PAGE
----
Delta will phase out its use of 50-seat regional aircraft in summer 2023.
In a presentation to investment analysts on Wednesday, Delta president Glen Hauenstein touted the phase-out as a customer-service enhancement. The Delta Connection CRJ-200s don't have a first-class cabin. Beginning this summer, said Hauenstein, Delta will be the first network U.S. carrier to offer first class on every flight.
The announcement wasn't a surprise. Delta said in 2020 that it planned to jettison the last of its 50-seat aircraft by the end of 2023. Meanwhile, an ongoing U.S. pilot shortage has prompted Delta, United and American to cut regional flying more quickly or more steeply than previously planned.
Still, the summer phase-out underscores the service decreases at many small U.S. airports.
According to Regional Airline Association CEO Faye Malarkey Black, 60 U.S. airports have lost more than half their air service since 2019, with smaller airports experiencing the most significant declines.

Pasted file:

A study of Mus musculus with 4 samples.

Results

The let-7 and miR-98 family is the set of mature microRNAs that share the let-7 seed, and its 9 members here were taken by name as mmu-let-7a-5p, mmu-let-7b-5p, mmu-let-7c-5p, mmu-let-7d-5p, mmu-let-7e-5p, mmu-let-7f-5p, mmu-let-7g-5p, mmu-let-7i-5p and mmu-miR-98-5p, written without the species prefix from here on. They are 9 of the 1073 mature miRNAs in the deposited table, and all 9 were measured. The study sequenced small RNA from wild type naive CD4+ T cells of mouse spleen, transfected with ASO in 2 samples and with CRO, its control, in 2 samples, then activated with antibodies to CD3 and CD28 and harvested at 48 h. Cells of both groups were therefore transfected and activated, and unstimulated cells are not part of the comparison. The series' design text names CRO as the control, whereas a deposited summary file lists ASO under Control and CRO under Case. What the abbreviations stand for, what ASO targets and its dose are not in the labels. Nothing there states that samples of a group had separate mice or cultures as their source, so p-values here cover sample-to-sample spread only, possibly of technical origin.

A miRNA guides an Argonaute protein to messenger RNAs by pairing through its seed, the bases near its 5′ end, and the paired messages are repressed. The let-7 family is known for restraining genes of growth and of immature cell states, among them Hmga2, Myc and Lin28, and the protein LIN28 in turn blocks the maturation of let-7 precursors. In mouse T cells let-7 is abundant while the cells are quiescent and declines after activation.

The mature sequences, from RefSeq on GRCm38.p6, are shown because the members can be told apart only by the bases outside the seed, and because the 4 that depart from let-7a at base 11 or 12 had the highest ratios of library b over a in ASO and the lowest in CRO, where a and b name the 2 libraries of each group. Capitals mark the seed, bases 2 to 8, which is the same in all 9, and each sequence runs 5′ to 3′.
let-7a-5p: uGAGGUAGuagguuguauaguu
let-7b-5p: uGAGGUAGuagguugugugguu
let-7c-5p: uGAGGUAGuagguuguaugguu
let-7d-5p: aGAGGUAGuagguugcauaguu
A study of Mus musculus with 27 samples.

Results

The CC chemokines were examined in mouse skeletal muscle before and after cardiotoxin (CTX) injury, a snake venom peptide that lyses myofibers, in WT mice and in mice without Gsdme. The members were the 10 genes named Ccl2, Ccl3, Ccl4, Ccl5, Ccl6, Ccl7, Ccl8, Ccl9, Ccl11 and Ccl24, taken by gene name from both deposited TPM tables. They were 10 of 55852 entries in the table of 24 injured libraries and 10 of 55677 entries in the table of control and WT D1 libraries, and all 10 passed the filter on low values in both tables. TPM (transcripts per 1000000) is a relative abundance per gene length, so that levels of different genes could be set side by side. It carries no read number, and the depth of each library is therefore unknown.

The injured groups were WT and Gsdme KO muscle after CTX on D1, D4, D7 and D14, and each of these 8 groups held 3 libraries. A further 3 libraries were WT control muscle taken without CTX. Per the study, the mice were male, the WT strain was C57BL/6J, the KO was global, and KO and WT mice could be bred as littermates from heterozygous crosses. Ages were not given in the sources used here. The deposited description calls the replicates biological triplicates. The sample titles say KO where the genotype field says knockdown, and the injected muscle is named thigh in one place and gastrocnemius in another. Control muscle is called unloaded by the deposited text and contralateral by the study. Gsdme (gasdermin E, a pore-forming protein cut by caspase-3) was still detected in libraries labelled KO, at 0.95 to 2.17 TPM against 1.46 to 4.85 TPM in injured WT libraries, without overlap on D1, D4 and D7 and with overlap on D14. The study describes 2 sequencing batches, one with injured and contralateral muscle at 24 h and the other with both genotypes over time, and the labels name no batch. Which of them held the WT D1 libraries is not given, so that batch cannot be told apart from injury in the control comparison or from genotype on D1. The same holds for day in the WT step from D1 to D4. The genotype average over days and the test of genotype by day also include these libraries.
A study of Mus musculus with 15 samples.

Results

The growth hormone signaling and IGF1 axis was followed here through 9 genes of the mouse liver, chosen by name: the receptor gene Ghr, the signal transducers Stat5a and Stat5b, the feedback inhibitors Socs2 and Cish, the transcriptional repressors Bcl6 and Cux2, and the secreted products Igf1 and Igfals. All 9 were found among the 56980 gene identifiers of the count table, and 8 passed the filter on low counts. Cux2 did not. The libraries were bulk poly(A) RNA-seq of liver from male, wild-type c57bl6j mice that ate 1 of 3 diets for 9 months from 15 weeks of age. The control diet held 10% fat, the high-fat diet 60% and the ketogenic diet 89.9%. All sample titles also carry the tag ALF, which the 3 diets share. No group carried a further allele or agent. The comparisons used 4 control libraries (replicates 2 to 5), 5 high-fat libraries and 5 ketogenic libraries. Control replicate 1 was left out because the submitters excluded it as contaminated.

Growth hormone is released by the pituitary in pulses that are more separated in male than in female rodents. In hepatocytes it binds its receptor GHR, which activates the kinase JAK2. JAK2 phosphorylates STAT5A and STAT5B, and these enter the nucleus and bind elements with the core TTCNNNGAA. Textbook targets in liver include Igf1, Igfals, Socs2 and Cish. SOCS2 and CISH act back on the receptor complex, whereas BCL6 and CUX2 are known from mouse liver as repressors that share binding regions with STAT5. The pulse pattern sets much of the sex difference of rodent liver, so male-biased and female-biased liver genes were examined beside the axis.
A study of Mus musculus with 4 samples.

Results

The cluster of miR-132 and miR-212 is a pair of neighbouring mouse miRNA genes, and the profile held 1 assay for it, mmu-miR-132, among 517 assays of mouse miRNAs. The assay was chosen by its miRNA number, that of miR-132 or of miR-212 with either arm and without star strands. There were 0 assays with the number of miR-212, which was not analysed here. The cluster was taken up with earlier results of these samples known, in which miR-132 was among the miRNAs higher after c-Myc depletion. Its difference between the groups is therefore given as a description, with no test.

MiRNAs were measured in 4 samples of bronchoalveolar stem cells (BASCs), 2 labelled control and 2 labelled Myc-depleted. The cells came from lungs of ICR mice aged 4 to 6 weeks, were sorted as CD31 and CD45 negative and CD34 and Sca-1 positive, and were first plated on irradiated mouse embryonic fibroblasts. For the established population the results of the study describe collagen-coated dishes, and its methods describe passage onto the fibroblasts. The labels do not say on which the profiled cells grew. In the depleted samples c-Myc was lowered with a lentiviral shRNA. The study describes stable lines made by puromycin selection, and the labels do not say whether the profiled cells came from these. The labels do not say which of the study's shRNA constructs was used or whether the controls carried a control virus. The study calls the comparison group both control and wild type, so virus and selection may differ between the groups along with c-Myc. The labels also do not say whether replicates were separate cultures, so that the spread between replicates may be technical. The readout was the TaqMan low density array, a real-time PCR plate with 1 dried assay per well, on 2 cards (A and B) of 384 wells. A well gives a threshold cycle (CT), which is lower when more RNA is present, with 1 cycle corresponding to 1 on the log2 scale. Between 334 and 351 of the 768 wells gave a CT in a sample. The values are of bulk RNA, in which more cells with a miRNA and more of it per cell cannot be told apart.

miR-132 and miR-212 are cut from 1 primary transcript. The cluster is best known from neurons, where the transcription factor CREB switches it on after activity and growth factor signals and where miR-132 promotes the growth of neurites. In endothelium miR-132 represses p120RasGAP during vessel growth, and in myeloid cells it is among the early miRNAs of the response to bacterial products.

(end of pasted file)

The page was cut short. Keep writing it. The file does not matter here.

When the CRJ-200s are gone, the smallest Delta Connection aircraft will have 69 seats and offer two cabins.
In its third-quarter 10-K regulatory filing, Delta said regional subsidiary Endeavor and regional partner SkyWest were operating a combined 39 Bombardier CRJ-200 50-seat planes for Delta Connection.
Delta improves outlook for 2023
Hauenstein spoke of the CRJ-200 phase-out as Delta offered a positive outlook both for the current quarter and for 2023.
The carrier now expects to take in 7% to 8% more revenue in the fourth quarter compared to a year ago. In October, Delta's projection was a 5% to 9% revenue increase.
For 2023, Delta is projecting revenue growth of 15% to 20% over this year with an operating margin of 10% to 12% compared to this year's 7.7%.
CEO Ed Bastian said an aspirational goal for Delta is to reach full network restoration in 2023, though staffing constraints could still interfere. The carrier's official projection is that it will fly 98% of its 2019 seats next year.
Delta expects 75% of its domestic seat growth next year to come from its four core hubs: Atlanta, Minneapolis-St. Paul, Detroit and Salt Lake City.